Featured Artist Danielle Rayne

Photographer Danielle Rayne captures the fascinating world of pollinators through her camera lens. See more of her work by visiting her website.


photograph of a male Anna's Hummingbird by Danielle Rayne

“Male Anna’s Winter Portrait” (male Anna’s Hummingbird), photography, various sizes.


I’m a nature photographer and my primary focus is capturing the relationship between flowers and pollinators. Pollinator species contribute to both our food sources and the flowers that enhance our lives. Many species are fragile due to loss of habitat and environmental impact.


photograph of an Acorn Woodpecker by Danielle Rayne

“Aftermath: Woodpecker” (Acorn Woodpecker post-Griffith Park Fire 2018), photography, various sizes.


My path to photography started in my own yard. Literally. After beetle disease claimed a massive tree, my husband and I reimagined our yard as a pollinator-friendly haven. After installing a variety of nectar-producing plants and trees as shelter and food sources, our yard came to life with vibrant birds, bees and butterflies.


photograph of an Allen Hummingbird by Danielle Rayne

“Hummingbird Of Paradise” (female Allen Hummingbird), photography, various sizes.


After trying (and failing) to capture their fast-moving beauty with my phone’s camera, I picked up a starter DSLR camera and immersed myself in studying photography publications and educational videos.


photograph of a male Rufous Hummingbird by Danielle Rayne

“Male Rufous Portrait” (Rufous Hummingbird), photography, various sizes.


If you’re into technical specs, I currently use a Nikon Z6 (a mirrorless camera that’s completely silent when I’m photographing birds.) My telephoto zoom lens lets me capture details while maintaining a respectful distance from my subject.


photograph of a swallowtail butterfly and a bee on a flower by Danielle Rayne

“Tiger Swallowtail and Bee”, Tiger Swallowtail and Western Honeybee sharing a Mexican Sunflower, photography, various sizes.


My dad enjoyed film photography throughout my childhood and my mom is a highly skilled painter. They are definitely my artistic inspiration. After I began sharing my images on social media, requests to purchase my photos followed. Dad suggested we start selling my photography work in earnest.


Photograph of male Anna's Hummingbird in flight by Danielle Rayne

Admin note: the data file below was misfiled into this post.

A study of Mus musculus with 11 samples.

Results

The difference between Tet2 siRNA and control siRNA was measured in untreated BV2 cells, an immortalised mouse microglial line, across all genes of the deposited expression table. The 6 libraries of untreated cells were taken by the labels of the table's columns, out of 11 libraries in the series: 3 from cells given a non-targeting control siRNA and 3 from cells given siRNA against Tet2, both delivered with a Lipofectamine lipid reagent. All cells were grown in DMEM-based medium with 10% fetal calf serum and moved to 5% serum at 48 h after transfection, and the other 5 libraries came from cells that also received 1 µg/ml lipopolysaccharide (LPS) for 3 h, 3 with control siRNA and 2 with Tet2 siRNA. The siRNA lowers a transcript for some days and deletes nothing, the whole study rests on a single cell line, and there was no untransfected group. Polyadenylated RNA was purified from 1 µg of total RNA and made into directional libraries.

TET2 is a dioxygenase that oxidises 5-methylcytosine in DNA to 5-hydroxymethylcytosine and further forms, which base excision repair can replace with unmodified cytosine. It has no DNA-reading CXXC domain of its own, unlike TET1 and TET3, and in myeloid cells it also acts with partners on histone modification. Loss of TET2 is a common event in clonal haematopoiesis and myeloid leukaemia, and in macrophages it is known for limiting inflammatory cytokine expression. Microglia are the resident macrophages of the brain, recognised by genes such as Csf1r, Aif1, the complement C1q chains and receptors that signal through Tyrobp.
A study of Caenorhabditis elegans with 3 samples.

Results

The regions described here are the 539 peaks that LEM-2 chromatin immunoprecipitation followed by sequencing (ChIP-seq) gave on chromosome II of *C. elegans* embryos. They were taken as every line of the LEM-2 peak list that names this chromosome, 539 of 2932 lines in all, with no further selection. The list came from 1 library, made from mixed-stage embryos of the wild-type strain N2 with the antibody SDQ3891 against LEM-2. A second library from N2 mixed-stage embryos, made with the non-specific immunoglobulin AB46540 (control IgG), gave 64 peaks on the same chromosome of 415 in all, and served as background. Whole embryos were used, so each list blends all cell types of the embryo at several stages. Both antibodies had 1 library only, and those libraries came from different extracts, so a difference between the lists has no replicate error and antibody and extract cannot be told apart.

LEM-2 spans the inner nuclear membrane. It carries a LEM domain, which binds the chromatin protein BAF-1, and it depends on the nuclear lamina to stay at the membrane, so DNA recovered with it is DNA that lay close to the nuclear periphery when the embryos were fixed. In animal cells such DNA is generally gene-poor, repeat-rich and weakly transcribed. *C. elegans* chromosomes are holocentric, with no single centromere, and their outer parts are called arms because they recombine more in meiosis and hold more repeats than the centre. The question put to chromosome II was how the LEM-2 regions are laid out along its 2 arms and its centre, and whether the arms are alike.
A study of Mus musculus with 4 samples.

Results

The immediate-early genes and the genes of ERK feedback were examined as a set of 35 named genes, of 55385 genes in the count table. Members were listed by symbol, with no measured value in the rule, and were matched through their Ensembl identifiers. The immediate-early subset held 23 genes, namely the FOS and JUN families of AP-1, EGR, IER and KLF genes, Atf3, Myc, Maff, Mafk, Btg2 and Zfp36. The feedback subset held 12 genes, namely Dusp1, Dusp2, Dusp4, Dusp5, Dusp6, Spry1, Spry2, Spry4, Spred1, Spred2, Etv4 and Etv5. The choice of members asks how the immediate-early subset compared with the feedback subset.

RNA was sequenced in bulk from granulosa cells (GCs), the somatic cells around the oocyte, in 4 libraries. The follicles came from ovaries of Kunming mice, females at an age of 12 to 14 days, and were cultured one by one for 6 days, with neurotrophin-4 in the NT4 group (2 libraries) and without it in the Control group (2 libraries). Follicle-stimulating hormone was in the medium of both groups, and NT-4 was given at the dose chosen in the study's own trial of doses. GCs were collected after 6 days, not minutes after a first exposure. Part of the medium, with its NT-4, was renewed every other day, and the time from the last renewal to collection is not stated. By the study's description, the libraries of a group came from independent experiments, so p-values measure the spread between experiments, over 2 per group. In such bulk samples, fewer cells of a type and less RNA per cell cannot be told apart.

“Male Anna’s In Flight” (male Anna’s Hummingbird), photography, various sizes.


In retirement, my dad has become a skilled printer. He uses fine art archival quality papers to bring out what is unique in each image. Lustre, matte and metallic finishes highlight specific qualities, whether it’s the glow of morning light or the iridescent sheen of feathers. While we’re known as “Danielle Rayne Photography,” it’s a dad and daughter business. I couldn’t do it without him.


photograph of a female hummingbird and fledglings by Danielle Rayne

“Flight Lesson” (female and fledgling hummingbirds), photography, various sizes.


We’ve also accommodated custom orders for large canvasses—as large as 24”x 30” to date—because if you like your tiny birds really big, you’re my kind of people.


photograph of a Rufous Hummingbird and nectarine blossoms by Danielle Rayne

“Rufous In Rain” (Rufous Hummingbird among nectarine blossoms), photography, various sizes.


While I welcome all our garden visitors, hummingbirds will always be my favorite subject. The way their feathers refract light to reveal iridescent hues is one of nature’s miracles. Hummingbirds are a combination of fierce intensity and distinct personality, all packed into a tiny and powerful body. Hummingbirds have come to represent the celebration of joy, peace and hope. And many South and North American Native cultures honor hummingbirds as a warrior spirit.


photograph of a fledgling hummingbird by Danielle Rayne

“Tasting The Tree” (fledgling hummingbird), photography, various sizes.


Focusing on fast-moving and unpredictable fliers challenges my photography skills every day. To photograph wildlife, it helps to understand the behavior of each species, so I also spend time doing research. The decline of butterflies, bees and birds and the possibility some species will go extinct in my son’s lifetime, motivates me. I want to connect with more viewers and spread the word about saving our declining and endangered populations.


Artist Danielle Rayne

Artist Danielle Rayne


Some of the conservation organizations we support with our work include the Western Foundation of Vertebrate Zoology, Sierra Club and National Wildlife Federation.


Artist Danielle Rayne invites you to follow her on Instagram and Facebook.